Hard Corps: Uprising Hands-On
Some things about shoot-'em-ups just never change--but that doesn't mean everything has to stay the same.
Most notably, there's a new feature called Rising mode. Anyone familiar with the Contra series knows these games are synonymous with a tough-as-nails level of difficulty. Call it retro or call it antiquated, that's just what the genre is known for. Uprising is no different. The core gameplay offers little in the way of mercy, as twitch reflexes are required to withstand the near constant barrage of enemy bullets, traps, and powerful bosses. What Rising mode does, however, is give the less hardcore among us a reason to keep trying in the face of defeat. You're constantly rewarded though a progression system that lets you gradually upgrade your character and weapons, gaining new health slots and abilities as you go along.
Basically, it's a system that makes sure that even if you die against a vicious boss, you're at least being rewarded for the journey up to that point and given the ingredients to make sure that your next four or five attempts at killing the boss give you that much more optimism with every subsequent attempt. On the flip side, if you fancy yourself a hardcore player through and through, you can simply play through Arcade mode. This option offers the exact same game--including levels and enemies--but without any of those upgrades. You are who you are from start to finish.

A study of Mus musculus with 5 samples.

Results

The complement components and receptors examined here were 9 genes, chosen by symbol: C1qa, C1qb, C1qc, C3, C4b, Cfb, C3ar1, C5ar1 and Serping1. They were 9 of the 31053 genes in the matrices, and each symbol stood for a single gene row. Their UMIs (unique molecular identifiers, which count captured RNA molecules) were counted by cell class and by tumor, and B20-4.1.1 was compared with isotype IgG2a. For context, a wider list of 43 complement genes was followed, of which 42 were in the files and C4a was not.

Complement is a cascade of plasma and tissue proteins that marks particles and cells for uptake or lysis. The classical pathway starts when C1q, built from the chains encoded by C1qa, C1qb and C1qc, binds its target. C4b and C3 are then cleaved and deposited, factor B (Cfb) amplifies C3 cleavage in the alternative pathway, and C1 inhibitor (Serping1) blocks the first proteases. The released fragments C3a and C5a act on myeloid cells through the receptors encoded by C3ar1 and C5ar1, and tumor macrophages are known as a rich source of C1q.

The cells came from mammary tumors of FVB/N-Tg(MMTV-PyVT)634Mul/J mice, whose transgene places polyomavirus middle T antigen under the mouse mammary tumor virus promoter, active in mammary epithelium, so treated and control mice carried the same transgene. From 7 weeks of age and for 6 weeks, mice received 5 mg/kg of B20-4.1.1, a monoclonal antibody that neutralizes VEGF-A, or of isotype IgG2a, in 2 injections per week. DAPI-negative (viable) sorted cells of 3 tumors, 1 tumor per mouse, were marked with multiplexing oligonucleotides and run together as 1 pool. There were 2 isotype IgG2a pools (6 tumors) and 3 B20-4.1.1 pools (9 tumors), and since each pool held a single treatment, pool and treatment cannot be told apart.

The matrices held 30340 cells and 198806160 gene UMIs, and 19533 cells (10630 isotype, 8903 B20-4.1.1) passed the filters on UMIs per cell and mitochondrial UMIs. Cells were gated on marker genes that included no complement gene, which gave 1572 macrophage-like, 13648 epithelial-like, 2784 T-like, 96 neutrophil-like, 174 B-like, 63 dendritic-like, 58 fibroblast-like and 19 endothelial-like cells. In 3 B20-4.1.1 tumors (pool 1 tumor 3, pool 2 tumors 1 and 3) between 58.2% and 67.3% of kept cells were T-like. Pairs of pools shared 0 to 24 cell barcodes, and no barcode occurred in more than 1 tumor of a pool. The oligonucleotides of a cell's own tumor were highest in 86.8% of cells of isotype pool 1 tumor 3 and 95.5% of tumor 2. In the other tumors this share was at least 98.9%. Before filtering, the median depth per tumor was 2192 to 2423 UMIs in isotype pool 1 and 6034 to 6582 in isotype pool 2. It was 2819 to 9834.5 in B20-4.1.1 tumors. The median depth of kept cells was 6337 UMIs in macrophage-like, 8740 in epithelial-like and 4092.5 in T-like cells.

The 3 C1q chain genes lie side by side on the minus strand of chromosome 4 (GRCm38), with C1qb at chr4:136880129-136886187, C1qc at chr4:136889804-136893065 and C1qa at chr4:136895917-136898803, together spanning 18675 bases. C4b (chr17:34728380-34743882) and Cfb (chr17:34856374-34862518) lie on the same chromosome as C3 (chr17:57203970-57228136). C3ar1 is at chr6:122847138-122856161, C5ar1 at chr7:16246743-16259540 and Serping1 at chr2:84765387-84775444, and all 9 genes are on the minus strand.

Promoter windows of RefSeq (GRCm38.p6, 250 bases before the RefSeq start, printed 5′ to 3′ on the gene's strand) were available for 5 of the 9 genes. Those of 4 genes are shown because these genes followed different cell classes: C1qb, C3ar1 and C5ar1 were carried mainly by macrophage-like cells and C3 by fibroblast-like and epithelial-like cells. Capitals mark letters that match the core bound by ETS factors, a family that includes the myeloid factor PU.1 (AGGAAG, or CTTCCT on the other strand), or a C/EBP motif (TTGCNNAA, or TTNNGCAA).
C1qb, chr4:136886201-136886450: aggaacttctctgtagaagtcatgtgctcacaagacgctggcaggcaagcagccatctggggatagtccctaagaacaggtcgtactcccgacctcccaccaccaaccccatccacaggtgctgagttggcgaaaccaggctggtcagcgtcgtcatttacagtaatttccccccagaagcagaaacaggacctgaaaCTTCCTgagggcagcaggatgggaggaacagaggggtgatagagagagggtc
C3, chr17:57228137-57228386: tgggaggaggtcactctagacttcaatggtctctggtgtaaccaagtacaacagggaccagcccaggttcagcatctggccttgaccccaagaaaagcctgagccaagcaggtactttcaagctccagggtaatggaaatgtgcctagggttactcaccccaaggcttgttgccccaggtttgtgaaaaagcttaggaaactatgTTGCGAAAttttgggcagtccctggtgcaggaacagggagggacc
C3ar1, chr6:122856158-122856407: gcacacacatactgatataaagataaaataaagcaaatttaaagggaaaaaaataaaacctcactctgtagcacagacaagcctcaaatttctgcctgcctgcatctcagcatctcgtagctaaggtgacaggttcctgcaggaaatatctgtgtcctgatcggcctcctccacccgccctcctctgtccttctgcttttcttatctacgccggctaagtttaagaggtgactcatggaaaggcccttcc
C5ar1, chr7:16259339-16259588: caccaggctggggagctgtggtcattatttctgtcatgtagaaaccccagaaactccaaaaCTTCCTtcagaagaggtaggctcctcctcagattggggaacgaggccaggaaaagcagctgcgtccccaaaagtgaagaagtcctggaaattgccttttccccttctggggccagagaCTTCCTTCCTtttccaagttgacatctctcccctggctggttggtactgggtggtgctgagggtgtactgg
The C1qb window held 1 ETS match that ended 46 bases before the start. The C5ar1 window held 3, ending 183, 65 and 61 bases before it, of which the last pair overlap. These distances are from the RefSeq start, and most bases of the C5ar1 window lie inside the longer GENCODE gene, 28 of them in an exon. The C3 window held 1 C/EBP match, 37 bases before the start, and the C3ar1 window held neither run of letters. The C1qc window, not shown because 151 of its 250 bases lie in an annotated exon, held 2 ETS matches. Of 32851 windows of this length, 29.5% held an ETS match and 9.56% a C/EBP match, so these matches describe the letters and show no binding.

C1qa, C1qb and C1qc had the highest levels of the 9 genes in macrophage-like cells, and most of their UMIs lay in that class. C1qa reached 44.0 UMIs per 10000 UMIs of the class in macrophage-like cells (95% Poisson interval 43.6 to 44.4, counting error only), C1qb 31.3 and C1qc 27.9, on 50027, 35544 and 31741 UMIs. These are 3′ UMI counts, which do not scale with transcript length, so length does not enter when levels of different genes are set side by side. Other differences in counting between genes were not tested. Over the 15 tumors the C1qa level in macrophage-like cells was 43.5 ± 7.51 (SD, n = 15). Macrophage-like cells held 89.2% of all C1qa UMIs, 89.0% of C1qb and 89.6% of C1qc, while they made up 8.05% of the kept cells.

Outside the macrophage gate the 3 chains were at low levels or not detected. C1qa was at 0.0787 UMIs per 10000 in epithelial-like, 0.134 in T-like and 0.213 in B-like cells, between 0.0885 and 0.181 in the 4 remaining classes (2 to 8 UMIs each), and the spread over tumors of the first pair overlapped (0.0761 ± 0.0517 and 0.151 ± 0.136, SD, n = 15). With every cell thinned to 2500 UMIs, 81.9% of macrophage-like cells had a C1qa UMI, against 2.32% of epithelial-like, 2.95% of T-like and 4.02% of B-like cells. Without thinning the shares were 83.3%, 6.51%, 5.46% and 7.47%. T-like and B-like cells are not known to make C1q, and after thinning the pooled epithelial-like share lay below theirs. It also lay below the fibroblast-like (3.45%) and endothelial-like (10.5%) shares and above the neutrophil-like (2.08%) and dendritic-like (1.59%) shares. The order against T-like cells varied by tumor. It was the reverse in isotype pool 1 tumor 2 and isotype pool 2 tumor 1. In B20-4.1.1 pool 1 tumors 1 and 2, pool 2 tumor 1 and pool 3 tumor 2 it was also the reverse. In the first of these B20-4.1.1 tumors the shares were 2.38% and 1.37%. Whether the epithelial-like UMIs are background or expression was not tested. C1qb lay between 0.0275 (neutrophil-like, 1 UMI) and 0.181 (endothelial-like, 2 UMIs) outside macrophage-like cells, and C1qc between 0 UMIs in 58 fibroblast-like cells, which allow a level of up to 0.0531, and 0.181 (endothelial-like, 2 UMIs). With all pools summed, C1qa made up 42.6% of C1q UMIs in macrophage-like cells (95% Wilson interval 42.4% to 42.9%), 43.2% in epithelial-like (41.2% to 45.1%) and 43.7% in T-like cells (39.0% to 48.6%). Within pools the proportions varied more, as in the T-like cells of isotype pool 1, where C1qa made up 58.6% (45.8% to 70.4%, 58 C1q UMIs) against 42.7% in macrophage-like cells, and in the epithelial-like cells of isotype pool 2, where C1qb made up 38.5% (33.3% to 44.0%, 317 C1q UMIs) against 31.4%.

The other area where Uprising takes a step forward from Contra is its visual design. The game is being developed by Arc System Works, known for its work on Blaz Blue and the Guilty Gear series. Those games featured elaborate hand-drawn animation, and that penchant for stylishness and eccentric characters is visible in Uprising. The level we played was set in the jungle and featured dense vegetation, robotic crocodiles, and--because why not?--giant machine gun enemies apparently wearing clown makeup.
The whole game can be played in either single-player or two-person co-op, both online and local. Whether you want to share in the madness or not is a decision you can make when the game is released on Xbox Live Arcade and the PlayStation Network at the tail end of this year.